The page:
The 2018 Winter Olympics will begin in Pyeongchang, South Korea on Friday and while South Africa has sent a lone competitor – alpine skier Connor Wilson – the Games will have a broad African representation.
In fact, the Games will feature the most African countries at a Winter Olympics. Eight countries from the continent – Kenya, Morocco, Ghana, Madagascar, South Africa, Togo, Eritrea and Nigeria – will compete at this year’s event with 13 athletes (a record since 1994) all vying to become the first African to win a medal.
It is a monumental effort considering the challenges the athletes face to compete.
Beyond the usual – maladministration, lack of funding and you know, the weather – there’s the added complexity that in many countries, the federations that govern winter sports simply do not exist.
When Senegal’s Lamine Guèye became the first black African athlete to compete in the games back in 1984, he had to ask for the help from the International Ski Federation to set up the sport’s federation. That has been a recurring theme and a similar story for the women who are likely to be the stars of this year’s African show.
US-based trio Seun Adigun, Akuoma Omeoga and Ngozi Onwumere will make up Nigeria’s bobsleigh team at the Games, while Simidele Adeagbo will compete in the women’s skeleton.
It’s the first time the country will take part at the competition, and added to their challenge of actually getting into a bobsleigh, they also had to set up the federation from scratch.
It will be a historic moment when the women debut, but elite-level competition isn’t foreign to all of them. Onwumere is an All-Africa Games medallist, having won silver in the 200m sprint in Brazzaville 2015 and gold in the 4x100m relay.
But the two sports are worlds apart and the journey to get here has been nothing short of remarkable. It started off with a wooden sled in Houston — built by driver Adigun herself from scrap metal – and breaking three helmets in qualifying. Their story has captured wide media attention, including a visit to the Ellen DeGeneres Show, which was all sorts of wonderful.
“Everybody is going absolutely nuts. The crazy thing about it is most people don’t really understand what bobsleigh is but they don’t care. They just know the flag is raising high, and they are excited about it,” Adigun told DeGeneres when asked about the reaction in Nigeria.
That all four women were born in the United States doesn’t matter. Like many expats in the African diaspora, they all understand the broader vision and the impact they can have on the lives of others.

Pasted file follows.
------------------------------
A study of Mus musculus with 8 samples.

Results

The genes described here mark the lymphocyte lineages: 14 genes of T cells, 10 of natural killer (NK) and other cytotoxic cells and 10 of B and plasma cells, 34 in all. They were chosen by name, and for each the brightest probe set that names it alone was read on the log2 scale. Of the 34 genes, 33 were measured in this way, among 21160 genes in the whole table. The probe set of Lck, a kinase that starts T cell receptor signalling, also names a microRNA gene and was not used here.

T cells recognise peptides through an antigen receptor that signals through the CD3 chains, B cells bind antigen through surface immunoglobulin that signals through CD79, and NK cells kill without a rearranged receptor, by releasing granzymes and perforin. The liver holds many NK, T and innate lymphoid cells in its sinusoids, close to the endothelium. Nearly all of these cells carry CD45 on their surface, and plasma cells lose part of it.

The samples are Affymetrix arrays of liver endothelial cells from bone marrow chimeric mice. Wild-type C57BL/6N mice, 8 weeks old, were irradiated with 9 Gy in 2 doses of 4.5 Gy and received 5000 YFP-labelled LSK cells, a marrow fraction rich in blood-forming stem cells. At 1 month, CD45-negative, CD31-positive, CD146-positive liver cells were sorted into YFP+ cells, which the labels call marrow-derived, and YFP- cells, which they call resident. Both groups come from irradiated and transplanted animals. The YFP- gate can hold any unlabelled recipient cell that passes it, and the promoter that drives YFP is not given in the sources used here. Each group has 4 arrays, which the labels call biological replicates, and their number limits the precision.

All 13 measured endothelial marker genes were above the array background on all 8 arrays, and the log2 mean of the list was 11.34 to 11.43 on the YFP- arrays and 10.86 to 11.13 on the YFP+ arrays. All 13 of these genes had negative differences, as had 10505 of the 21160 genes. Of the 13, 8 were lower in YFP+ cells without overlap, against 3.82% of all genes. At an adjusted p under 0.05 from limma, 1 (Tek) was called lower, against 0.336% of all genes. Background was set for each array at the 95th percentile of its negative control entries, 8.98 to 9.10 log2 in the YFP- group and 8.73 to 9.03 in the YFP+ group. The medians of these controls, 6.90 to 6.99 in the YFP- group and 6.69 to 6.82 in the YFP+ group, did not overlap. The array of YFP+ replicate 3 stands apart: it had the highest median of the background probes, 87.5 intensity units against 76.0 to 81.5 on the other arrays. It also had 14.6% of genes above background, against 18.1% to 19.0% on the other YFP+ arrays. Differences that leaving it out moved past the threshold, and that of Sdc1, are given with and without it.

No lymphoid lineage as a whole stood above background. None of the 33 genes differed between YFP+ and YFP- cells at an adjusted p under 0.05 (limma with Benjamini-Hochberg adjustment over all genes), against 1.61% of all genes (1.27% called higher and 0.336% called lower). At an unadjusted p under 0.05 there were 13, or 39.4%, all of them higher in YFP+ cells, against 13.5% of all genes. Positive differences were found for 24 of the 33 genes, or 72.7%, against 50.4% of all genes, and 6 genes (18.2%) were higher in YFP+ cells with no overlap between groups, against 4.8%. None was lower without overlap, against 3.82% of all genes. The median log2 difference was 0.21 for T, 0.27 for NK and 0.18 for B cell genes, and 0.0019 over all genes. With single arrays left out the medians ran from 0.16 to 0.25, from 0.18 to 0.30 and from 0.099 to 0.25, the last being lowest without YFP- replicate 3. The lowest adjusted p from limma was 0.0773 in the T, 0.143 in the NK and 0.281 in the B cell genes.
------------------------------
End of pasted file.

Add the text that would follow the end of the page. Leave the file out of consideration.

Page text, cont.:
“After realising that my participation as a brake man on the United States women’s bobsleigh team had grown to be far larger than me, I knew this was something I had to do. I noticed my ability to potentially empower and positively influence millions of people resided in my decision to give back to the country of Nigeria,” Adigun said in an interview with sheleadsafrica.org.
And Adigun was right. With the widespread attention their ambition of becoming Africa’s first-ever bobsleigh team got, Adeagbo, who will become the continent’s first ever skeleton racer at the 2018 Winter Olympics, had her interest piqued.
Adeagbo, who was born the in the States to Nigerian parents but living in Johannesburg where she worked as running brand manager for Nike, got in touch with the trio via social media after reading about their story.
Adeagbo figured bobsleigh is a four-person sport and she wanted in, only to be told it’s only men who race in fours (the women race in twos). Her dreams weren’t completely dashed. A seed was planted and she kept pondering.
In July 2017, she saw a call for try-outs for the Nigerian Bobsleigh and Skeleton Federation in the most unlikeliest of places – Houston, Texas.
She arrived in Texas on the morning of trials and flew back to South Africa on the same day. Two weeks later, she was invited to a camp in Canada. And now, Adeagbo – like the rest of her Nigerian team mates – is on the verge of making history and leaving a legacy they hope will continue to inspire others to break barriers. DM
Photo: BSF Nigeria / Instagram
Lenin spoke English with an Irish accent.